Shortly after major media companies announced significant layoffs, The New York Times released its fourth quarterly report of 2018, exceeding expectations with a total of $709 million in revenue for the year of 2018.

Numbers indicate the company is close to reaching and potentially exceeding its goal of $800 million in revenue by 2020.

Advertising revenue from print newspapers dropped 6.5 percent, and print subscriptions increased by only 3.4 percent, The Times reported. The main reason for such a successful quarterly report was the addition of a total of 265,000 digital subscriptions.

The future of journalism in the digital world has progressively gotten bleaker each year. Because advertisements are the main source of revenue for print-based publications, many newspapers are struggling to transition from print to digital.

One of the most important factors in a publication’s ability to adapt is the implementation of a paywall early in time, as CNBC reported.

The Times’ strategy to give readers a taste of quality journalism and then make them pay for it has also proven to be a significant factor in attracting digital subscribers.

Jeff Bezos took the same approach shortly after he bought The Washington Post in 2013. He imposed a paywall, explaining that good journalism has a high price.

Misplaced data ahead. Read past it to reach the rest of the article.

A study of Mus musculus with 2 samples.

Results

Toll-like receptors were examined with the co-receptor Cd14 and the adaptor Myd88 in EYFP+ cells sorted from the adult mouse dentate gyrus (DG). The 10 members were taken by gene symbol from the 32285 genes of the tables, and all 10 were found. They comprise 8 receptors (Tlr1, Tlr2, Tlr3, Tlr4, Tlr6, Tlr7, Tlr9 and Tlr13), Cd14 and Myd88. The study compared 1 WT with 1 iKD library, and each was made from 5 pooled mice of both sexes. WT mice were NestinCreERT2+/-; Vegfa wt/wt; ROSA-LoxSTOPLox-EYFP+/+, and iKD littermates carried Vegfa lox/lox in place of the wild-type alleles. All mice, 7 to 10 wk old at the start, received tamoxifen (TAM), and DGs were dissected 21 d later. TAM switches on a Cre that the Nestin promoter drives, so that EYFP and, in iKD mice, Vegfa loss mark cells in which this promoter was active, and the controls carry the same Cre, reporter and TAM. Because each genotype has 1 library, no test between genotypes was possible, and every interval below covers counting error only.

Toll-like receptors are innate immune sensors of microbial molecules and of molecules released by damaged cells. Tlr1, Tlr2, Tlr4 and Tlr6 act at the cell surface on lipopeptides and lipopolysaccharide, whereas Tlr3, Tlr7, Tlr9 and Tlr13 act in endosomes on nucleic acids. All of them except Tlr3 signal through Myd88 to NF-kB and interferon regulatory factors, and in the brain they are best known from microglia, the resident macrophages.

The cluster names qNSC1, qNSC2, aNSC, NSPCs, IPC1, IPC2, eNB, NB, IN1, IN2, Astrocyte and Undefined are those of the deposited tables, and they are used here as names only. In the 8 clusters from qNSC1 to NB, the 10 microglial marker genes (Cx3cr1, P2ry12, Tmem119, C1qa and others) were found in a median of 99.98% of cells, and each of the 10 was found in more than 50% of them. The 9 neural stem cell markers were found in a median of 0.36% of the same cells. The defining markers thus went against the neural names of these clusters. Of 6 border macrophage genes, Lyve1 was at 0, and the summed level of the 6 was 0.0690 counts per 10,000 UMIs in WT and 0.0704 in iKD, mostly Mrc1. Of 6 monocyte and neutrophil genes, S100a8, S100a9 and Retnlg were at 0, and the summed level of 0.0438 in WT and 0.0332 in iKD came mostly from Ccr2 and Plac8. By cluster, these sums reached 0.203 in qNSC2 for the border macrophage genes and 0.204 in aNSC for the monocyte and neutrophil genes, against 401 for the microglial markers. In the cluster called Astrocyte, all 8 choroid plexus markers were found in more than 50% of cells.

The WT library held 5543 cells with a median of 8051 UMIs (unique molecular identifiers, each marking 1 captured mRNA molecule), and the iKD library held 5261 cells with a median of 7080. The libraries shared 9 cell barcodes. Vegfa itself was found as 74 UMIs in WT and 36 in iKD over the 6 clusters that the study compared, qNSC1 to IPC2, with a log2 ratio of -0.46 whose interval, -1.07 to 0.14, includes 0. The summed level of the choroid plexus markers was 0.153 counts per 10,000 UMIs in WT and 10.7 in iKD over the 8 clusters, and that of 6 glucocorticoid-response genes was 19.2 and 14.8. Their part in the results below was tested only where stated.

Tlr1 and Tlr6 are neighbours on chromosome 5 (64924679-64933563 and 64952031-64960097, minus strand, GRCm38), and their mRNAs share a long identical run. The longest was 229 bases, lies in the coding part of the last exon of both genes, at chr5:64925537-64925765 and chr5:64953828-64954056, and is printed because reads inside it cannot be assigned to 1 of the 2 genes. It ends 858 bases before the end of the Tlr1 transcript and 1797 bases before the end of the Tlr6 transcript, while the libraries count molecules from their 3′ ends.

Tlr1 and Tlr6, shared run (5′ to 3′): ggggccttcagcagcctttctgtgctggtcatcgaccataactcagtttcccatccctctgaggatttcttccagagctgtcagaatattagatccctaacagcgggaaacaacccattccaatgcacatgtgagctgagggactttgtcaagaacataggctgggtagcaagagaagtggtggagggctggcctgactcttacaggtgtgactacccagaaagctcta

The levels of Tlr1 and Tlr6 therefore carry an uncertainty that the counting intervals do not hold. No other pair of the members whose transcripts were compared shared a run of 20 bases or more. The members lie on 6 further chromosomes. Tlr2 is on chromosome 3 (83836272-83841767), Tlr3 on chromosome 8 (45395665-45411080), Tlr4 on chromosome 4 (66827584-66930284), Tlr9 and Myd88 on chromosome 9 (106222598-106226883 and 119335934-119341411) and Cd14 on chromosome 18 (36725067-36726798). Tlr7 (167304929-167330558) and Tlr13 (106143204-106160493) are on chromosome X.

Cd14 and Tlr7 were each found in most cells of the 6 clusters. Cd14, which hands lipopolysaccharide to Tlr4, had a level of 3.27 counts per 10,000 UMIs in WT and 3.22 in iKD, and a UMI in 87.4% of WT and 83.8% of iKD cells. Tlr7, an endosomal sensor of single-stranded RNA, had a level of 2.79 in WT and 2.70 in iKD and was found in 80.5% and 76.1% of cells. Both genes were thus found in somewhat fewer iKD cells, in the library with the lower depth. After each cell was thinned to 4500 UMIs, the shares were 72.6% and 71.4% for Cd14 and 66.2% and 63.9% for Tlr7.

“Once a NY Times exclusive becomes public it’s turned into a third-rate rehash …and the Times sees not one dollar of ad revenue or any significant referral traffic from that,” said tech journalist Dan Tynan in an interview with Forbes.

While exclusives from The Times are a pivotal factor that have built the company’s reputation, many people cannot afford to pay for a subscription and choose to get the same news elsewhere.

Journalist Steve Key, who is part of the general council of  Hoosier State Press Association, took part in a recent NPR panel discussion on the future of journalism.

Key touched on the way local newspapers are not getting support from the communities they serve while also dealing with a lack of print advertising revenue.

Many companies have found other ways to advertise their product through technology and no longer consider print newspapers as a top option.

The Times and other companies have proven that it is possible to adapt to unexpected changes, such as declining revenue and readership. But the paper does, however, have the advantage of being a known brand, which could only have helped it in the end.